Asbestos Clean-Up

Tuesday, June 7, 2016


Ed. Note: Information on the progress being made by the EPA in cleaning up the severe problem of asbestos in the town of Libby, Montana, is being presented here as an update for members of the hearth industry who, as a group, where actively involved in improving the health of Libby residents.

It has been decades since W.R. Grace & Co. shuttered its mine north of the town of Libby, Montana, but the devastating impact of that operation continues to this day. Thousands of residents of nearby Troy and Libby who worked in the mine, or were exposed to asbestos as a result of their proximity to the mine or miners, have been sickened and died, and millions have been spent on cleaning up those towns.

Though news reports in the last few years have indicated that the clean-up process in town is wrapping up, the reality is that the EPA is simply moving on to the next phase of their efforts. In fact, the agency has just announced that the next area of focus is even larger and more widespread than they originally believed it to be.

In a statement released a few days ago, project manager Christina Progress announced that the next area of concentration – an area north of Libby referred to as Operable Unit 3 – will be enlarged from the original 35,000 acres targeted to 47,000 acres. This is because of concerns raised by a dust and bark sample conducted last year that showed much more hazardous material released by a controlled burn than originally thought.

The agency is particularly concerned about the possibility of wildfires occurring in the forested area, though they are also worried about asbestos contamination in the rivers that flow through the area where the mine once operated.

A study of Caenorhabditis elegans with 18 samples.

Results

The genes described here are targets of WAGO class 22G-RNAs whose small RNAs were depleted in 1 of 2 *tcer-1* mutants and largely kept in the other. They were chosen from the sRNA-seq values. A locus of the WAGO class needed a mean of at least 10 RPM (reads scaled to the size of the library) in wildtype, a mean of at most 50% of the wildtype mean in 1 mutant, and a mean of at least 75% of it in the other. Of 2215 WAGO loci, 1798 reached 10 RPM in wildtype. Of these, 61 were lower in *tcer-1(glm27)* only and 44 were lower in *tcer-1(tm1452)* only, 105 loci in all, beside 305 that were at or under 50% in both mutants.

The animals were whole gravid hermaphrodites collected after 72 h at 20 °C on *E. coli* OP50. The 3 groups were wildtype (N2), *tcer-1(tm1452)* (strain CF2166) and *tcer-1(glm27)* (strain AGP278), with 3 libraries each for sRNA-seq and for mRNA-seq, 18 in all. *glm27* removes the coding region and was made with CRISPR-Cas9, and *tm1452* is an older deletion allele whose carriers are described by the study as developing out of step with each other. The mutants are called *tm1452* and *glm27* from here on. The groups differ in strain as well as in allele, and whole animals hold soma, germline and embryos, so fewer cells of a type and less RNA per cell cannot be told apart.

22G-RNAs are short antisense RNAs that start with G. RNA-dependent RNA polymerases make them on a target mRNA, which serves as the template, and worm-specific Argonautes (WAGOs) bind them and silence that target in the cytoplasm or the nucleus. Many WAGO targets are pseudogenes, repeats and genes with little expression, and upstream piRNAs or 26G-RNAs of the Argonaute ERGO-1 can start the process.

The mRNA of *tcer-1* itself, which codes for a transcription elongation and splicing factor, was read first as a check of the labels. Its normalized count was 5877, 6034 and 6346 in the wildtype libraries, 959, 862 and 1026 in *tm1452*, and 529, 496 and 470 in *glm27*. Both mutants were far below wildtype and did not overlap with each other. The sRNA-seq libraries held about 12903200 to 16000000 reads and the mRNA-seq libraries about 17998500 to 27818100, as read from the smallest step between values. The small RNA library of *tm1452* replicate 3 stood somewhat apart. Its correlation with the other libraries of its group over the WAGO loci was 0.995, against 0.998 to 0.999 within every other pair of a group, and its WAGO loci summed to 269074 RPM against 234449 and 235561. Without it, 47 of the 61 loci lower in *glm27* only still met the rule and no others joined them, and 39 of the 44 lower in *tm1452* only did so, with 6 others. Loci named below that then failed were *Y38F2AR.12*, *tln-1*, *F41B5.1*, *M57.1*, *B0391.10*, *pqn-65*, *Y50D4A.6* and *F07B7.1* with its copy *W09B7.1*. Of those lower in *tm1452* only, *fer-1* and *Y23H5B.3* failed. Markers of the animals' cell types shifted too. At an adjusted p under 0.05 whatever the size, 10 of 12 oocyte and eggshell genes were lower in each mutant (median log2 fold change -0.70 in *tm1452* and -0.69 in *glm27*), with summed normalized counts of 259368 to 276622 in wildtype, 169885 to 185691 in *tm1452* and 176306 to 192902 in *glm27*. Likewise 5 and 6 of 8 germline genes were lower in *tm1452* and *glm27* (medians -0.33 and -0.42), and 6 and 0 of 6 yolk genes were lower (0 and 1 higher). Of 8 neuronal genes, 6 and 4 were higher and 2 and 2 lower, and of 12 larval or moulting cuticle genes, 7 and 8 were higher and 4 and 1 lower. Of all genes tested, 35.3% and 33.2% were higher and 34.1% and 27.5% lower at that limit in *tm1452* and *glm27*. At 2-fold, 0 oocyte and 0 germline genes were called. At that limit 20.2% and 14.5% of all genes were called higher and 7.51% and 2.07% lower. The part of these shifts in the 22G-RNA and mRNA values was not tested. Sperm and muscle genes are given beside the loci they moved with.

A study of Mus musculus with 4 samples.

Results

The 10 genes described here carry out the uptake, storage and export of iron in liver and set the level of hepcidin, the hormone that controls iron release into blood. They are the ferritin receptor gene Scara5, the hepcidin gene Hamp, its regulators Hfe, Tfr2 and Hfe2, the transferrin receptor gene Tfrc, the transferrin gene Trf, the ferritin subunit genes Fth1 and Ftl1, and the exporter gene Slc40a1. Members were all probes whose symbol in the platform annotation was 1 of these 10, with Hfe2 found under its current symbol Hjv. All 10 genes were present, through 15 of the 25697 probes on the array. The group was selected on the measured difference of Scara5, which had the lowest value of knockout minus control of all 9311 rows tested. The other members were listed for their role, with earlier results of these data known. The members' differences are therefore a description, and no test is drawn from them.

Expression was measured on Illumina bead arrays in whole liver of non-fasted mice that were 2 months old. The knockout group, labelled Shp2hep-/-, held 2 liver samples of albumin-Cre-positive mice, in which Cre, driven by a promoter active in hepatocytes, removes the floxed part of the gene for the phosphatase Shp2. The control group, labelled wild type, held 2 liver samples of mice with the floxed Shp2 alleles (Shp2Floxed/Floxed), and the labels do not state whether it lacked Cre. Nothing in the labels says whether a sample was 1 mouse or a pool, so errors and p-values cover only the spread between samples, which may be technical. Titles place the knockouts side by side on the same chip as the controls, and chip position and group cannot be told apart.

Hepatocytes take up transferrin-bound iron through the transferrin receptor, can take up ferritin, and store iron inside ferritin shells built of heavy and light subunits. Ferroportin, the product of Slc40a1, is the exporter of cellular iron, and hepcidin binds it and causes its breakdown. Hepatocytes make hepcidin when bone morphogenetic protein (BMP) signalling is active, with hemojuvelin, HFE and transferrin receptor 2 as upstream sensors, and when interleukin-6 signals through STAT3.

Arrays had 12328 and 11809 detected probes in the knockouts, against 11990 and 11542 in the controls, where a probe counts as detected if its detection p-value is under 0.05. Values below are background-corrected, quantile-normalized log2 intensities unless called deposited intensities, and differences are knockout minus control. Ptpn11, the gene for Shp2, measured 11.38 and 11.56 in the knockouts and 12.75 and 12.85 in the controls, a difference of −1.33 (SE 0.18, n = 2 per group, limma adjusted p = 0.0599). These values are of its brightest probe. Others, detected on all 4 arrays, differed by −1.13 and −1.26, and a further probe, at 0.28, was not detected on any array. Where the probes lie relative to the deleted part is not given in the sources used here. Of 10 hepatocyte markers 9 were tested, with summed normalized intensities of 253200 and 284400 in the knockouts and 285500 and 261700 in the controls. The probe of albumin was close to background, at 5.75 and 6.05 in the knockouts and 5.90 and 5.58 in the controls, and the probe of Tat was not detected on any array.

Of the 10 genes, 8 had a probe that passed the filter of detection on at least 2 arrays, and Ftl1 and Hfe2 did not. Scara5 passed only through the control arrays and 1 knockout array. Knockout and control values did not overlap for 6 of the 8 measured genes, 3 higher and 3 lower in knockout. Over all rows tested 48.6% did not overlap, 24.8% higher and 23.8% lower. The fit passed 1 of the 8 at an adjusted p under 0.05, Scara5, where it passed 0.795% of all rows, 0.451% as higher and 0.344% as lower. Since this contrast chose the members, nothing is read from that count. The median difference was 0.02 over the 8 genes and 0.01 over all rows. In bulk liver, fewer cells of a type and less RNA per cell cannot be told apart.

The W.R. Grace & Co. vermiculite mine in Libby once produced 80 percent of the vermiculite in the world, but it contained asbestos, and as a result employees and residents of the nearby towns suffered extremely high rates of asbestos-related diseases, including mesothelioma. One out of every 10 town residents has died from these conditions, and the company was charged with complicity.

W.R. Grace has faced approximately 300,000 asbestos lawsuits, and was further charged with having tried to protect billions of dollars in assets from asbestos victims by transferring them to daughter companies. The EPA declared a public health emergency in Libby and the surrounding area, and established it as a Superfund site: nearly half a billion dollars has been spent on clean-up so far.

Looking at market fundamentals, the most important reason to be confident about the growth prospects for our industry is that the demographics for housing demand are so favorable.

For example, there are just over 25 million Americans ages 20 to 25. While most of these 20-somethings will seek to rent first, consumer surveys overwhelmingly indicate that they have the same aspirations as prior generations—marriage, children, and homeownership among them. And like those before them, millennials mostly wish to purchase a single-family home in the suburbs. Those analysts and pundits suggesting that today’s young adults have given up on homeownership and will mostly seek to live in downtown locations are, quite simply, wrong.

However, younger Gen Xers and millennials are achieving these traditional milestones later in life. And this is one of the reasons the housing recovery has lagged. But flat existing-home inventory, growing job creation and wages, historically low mortgage interest rates, and favorable demographics all point to a positive outlook for home building.